A magnetic liquid level switch consists of two main components: a magnet embedded inside a float, and a reed switch placed in an enclosure. The single unit or multiple reed switch units are housed tightly in a stainless steel or an engineering plastic stem and a permanent magnet is sealed inside a float whose rise and fall causes the actuation of the reed switch.
The float rides on the process liquid surface, precisely tracking liquid surface motion. Rising liquid level lifts the float, sliding the attraction sleeve up inside the enclosing tube and into the magnetic field to actuate the electrical or pneumatic switch. This signals the presence of liquid.
Subsequently, falling liquid level lowers the float, drawing the attraction sleeve out of the magnetic field to deactivate the electrical or pneumatic switch. This signals the absence of liquid. Magnetic float level switches are generally able to handle high-temperature applications, and sometimes prove useful for close interface detection.
By using a permanent magnetic float level switch and reed contact the switching operation is non-contact, free from wear and needs no power supply. All functioning of the magnetic float switch is fully independent of vibrations, bubble formations, foaming, conductivity, and harmful vapors.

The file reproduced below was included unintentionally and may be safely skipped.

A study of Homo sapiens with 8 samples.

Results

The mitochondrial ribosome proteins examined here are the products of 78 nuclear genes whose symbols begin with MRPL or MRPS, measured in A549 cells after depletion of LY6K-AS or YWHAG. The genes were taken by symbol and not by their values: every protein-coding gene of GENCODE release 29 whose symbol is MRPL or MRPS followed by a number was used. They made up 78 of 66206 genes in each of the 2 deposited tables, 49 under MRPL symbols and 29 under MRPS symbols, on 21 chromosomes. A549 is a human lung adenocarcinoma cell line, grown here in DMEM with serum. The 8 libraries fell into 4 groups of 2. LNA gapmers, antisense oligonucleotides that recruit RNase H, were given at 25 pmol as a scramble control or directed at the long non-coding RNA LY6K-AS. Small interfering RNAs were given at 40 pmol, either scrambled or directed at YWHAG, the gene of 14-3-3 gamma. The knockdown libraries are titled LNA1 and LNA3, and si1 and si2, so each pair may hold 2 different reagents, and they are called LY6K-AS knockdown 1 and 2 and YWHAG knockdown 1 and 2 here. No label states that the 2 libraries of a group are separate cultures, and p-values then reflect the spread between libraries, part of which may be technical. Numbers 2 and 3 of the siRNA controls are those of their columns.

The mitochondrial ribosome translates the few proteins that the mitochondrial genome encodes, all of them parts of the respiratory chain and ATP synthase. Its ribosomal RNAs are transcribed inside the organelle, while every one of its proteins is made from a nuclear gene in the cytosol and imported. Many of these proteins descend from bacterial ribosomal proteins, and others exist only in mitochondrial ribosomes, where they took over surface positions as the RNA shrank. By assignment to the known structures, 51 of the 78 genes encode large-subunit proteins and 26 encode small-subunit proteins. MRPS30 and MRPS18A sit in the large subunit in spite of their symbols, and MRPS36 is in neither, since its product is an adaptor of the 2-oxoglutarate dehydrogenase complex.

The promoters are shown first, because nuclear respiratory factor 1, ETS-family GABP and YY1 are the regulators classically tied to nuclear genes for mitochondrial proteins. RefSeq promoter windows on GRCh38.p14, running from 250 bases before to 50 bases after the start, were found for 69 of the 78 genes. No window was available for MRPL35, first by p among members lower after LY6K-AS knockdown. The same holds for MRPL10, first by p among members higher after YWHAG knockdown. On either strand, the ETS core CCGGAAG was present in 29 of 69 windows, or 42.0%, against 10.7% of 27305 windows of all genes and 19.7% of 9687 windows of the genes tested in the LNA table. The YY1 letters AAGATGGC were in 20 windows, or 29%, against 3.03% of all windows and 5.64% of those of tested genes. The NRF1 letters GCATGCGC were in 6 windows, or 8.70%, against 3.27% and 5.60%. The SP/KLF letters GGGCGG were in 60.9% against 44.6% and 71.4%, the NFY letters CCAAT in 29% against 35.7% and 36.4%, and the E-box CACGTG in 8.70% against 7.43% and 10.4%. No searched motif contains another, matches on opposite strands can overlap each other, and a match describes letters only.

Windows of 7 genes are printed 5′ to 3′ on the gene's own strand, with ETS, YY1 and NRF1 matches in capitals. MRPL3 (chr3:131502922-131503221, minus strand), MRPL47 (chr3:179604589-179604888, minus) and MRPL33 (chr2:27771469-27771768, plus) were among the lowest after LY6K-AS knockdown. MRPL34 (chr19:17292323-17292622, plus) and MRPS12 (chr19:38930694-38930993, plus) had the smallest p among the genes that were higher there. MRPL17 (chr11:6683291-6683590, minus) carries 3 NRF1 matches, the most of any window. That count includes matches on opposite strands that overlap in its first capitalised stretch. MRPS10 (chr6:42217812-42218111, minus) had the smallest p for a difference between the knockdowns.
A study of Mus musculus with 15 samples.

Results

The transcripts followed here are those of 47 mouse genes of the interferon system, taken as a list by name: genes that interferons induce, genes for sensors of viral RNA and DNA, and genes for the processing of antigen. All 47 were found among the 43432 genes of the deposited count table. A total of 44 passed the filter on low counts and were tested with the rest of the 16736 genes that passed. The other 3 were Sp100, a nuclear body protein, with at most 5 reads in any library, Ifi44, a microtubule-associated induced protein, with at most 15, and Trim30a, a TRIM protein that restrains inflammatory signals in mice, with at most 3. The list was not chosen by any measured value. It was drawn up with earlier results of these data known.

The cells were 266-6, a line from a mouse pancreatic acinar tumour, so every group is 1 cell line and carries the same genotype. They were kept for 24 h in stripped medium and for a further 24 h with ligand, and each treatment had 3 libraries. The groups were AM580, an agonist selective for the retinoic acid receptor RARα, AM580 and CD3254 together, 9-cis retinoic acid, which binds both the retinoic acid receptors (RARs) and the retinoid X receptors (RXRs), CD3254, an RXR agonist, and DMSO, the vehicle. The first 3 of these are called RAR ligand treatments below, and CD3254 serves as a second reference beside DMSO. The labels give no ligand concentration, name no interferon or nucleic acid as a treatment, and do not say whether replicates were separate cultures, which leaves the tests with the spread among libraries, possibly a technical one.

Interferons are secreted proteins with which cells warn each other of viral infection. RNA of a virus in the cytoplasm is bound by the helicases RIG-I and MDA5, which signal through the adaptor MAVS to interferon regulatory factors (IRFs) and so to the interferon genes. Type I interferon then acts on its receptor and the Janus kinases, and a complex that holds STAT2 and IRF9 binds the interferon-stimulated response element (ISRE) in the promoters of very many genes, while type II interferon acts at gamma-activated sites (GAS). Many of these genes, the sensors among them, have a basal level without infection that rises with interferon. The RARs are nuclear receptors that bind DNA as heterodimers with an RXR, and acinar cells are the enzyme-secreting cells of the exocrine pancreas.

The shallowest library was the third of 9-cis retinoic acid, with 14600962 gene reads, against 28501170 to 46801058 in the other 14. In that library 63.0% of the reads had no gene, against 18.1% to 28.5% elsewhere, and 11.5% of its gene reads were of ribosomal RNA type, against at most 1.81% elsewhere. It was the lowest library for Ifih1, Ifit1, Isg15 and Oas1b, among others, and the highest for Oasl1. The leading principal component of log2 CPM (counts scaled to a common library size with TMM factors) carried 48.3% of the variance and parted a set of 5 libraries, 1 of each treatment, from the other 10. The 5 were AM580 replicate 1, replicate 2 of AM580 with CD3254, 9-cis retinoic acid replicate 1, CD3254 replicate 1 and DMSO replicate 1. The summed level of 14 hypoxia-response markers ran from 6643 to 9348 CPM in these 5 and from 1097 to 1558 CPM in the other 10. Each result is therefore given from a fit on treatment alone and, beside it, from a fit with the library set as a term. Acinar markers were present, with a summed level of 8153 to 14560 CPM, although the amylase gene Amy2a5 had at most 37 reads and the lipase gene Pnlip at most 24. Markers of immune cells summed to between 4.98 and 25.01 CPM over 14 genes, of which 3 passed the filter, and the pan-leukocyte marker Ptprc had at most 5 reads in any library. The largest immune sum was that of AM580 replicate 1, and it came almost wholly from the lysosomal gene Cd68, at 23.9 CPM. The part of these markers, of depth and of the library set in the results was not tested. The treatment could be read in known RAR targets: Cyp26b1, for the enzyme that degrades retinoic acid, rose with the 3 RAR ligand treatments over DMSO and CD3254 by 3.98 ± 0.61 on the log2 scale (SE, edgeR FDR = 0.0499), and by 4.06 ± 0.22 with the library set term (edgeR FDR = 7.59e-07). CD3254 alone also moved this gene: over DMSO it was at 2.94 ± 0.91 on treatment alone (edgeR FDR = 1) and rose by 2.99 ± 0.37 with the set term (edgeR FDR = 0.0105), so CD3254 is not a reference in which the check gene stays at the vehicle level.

A vibration type level switch working principle is based upon detecting the change in harmonic vibration frequency of the sensing element as a result of the presence of the target media. It uses a tuning fork shaped sensing element with two tines inserted into the bin or tank where the target media will be present. The tuning fork sensing element is placed into vibration at its natural resonant frequency by establishing motion in the sensing element.
When the fork sensing element vibrates free in air the measuring system sees this as one state (material not present). When the target material or fluid becomes present, the frequency of the vibration is changed, thereby detecting the material or fluid presence.